The six-firm, 7,700-advisor IBD network also notched record recruiting in terms of gross dealer concessions in the fourth quarter following the purchase of a majority stake in Cetera by private equity firm GenStar Capital for a reported $1.7 billion, according to CEO Robert “RJ” Moore.

Neither Moore’s firm nor Lightyear Capital-backed Advisor Group have confirmed reports of discussions regarding a potential sale of a majority ownership stake in the four firm, 5,000-advisor IBD network. However, Cetera is considering deals for smaller IBDs, tuck-in acquisitions and larger firms, Moore says.

“We have access to capital and we have access to capabilities that essentially give us the entry point to whatever type of transaction that we would find beneficial to our company,” says Moore. “And we can do that at scale.”

Advisor Group’s private equity backer helped it make deals last year to acquire two firms and act as the preferred affiliation partner for a third one, boosting the firm’s headcount by approximately 2,500 advisors. Lightyear has retained Barclays to advise on a potential sale, three sources told PE Hub last week.

While Advisor Group issued a statement saying it wouldn’t respond to “continued speculation,” the company says Barclays has been its advisor on a debt offering since August. Advisor Group CEO Jamie Price denied an earlier report in Financial Advisor magazine about “serious talks” with Genstar.

“We are not in discussions with Genstar or Cetera,” Price said. “It is well known that private equity firms are interested in this industry. Given the success and momentum of our company, it is not surprising that this would lead to speculation and rumors.”

Firms’ head counts show how they’re responding to a challenging time in which experts predict the number of advisors to fall in coming years.
September 17

Representatives for Barclays declined to comment, and Moore declined to discuss any specifics about potential acquisitions.

Moore and Mimi Bock, president of Cetera Advisors and First Allied Securities, cite a half dozen new committees for advisors plus an engagement council meeting regularly with the network’s board as both unique in the industry and a product of the Genstar deal.

The recently-completed year brought several changes to Cetera, including the sale of its majority stake about two years after its parent firm came out of bankruptcy protection. The network also divided its six IBDs into traditional and specialty channels, and hired Bock from LPL Financial to lead two of its firms.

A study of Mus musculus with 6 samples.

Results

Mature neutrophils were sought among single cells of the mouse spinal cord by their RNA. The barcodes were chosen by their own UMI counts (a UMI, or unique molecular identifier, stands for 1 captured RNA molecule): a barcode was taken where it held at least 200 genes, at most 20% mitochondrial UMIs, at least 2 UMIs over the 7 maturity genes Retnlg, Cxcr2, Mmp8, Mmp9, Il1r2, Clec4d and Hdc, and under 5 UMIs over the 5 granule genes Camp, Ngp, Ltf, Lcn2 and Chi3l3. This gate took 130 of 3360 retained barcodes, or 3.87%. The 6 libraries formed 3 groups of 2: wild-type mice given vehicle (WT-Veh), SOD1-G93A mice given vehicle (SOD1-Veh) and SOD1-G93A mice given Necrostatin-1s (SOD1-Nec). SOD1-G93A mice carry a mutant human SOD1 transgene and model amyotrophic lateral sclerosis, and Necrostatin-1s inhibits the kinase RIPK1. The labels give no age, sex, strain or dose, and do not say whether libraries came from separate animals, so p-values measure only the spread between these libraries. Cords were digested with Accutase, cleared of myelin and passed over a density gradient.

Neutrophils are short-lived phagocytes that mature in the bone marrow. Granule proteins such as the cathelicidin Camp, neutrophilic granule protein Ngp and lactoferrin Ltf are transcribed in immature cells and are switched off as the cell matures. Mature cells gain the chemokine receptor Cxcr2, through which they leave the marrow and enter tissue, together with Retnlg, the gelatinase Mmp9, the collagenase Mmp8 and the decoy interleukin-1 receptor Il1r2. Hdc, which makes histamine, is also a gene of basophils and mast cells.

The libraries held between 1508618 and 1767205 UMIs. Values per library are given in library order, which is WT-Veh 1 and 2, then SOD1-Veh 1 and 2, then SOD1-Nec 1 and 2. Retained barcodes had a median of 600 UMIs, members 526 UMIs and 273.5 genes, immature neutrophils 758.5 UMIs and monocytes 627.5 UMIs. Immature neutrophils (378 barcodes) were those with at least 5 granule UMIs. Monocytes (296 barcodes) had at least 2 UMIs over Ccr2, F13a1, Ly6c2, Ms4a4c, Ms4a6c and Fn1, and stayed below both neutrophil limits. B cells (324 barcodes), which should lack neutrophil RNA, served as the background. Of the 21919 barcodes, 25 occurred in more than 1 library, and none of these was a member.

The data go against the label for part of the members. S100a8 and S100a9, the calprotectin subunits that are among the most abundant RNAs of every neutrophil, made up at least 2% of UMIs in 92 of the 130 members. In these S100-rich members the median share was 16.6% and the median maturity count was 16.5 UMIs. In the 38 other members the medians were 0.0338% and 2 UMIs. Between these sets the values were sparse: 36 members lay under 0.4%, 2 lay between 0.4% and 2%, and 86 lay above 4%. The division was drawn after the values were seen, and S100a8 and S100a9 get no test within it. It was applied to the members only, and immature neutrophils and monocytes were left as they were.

In addition to the councils aimed at dialogue between advisors and management, the Genstar deal has led to major technology spending, an equity participation plan for advisors and capital investments for recruiting and other growth plans at individual practices, Bock says.

“We actually want our partnership to be aligned where our interests are the advisors’ interest and the advisors’ interests are ours,” Bock says. “These are not million dollar investments, but they make a huge difference to an advisor who is looking for some cash flow to grow.”

Cetera is also teaming up with its largest offices of supervisory jurisdiction — or “regions” in the company’s parlance — to carry out marketing, training and recruiting programs. Pete Bush’s Horizon Financial Group, Ron Carson’s companies and Dan May’s AdvisorNet Financial are all participating.

“It is so exciting to see how much interest advisors are showing in our organization because of the help Cetera's business development team is delivering,” May said in a statement. “I honestly don't think we've ever been this busy talking to new advisors.”

The network recruited more than 800 advisors with $5.3 billion in client assets in 2018 under another ex-LPL veteran, Michael Murray, who joined Cetera last May as its head of business development. Moore declines to state the privately-held firm’s net recruiting metrics or any other specific totals.

In 2017, the company added 784 new advisors with client assets of $15 billion, a higher figure which Moore attributes to Carson’s transition. Cetera’s largest IBD, Cetera Advisor Networks, and bank and credit union-focused Cetera Financial Institutions grew the most through recruiting in 2018, he says.

The two firms, along with Cetera Financial Specialists, also tapped between 150 and 200 new entrants to wealth management through the company’s training programs last year. The Genstar deal is “being validated by the movement of advisors towards us,” according to Moore.

“We maintained our independence, we maintained our privacy and we picked up a partner with very strong access to capital,” he says. “The fact that we still have different communities and many firms is a compelling distinction for us.”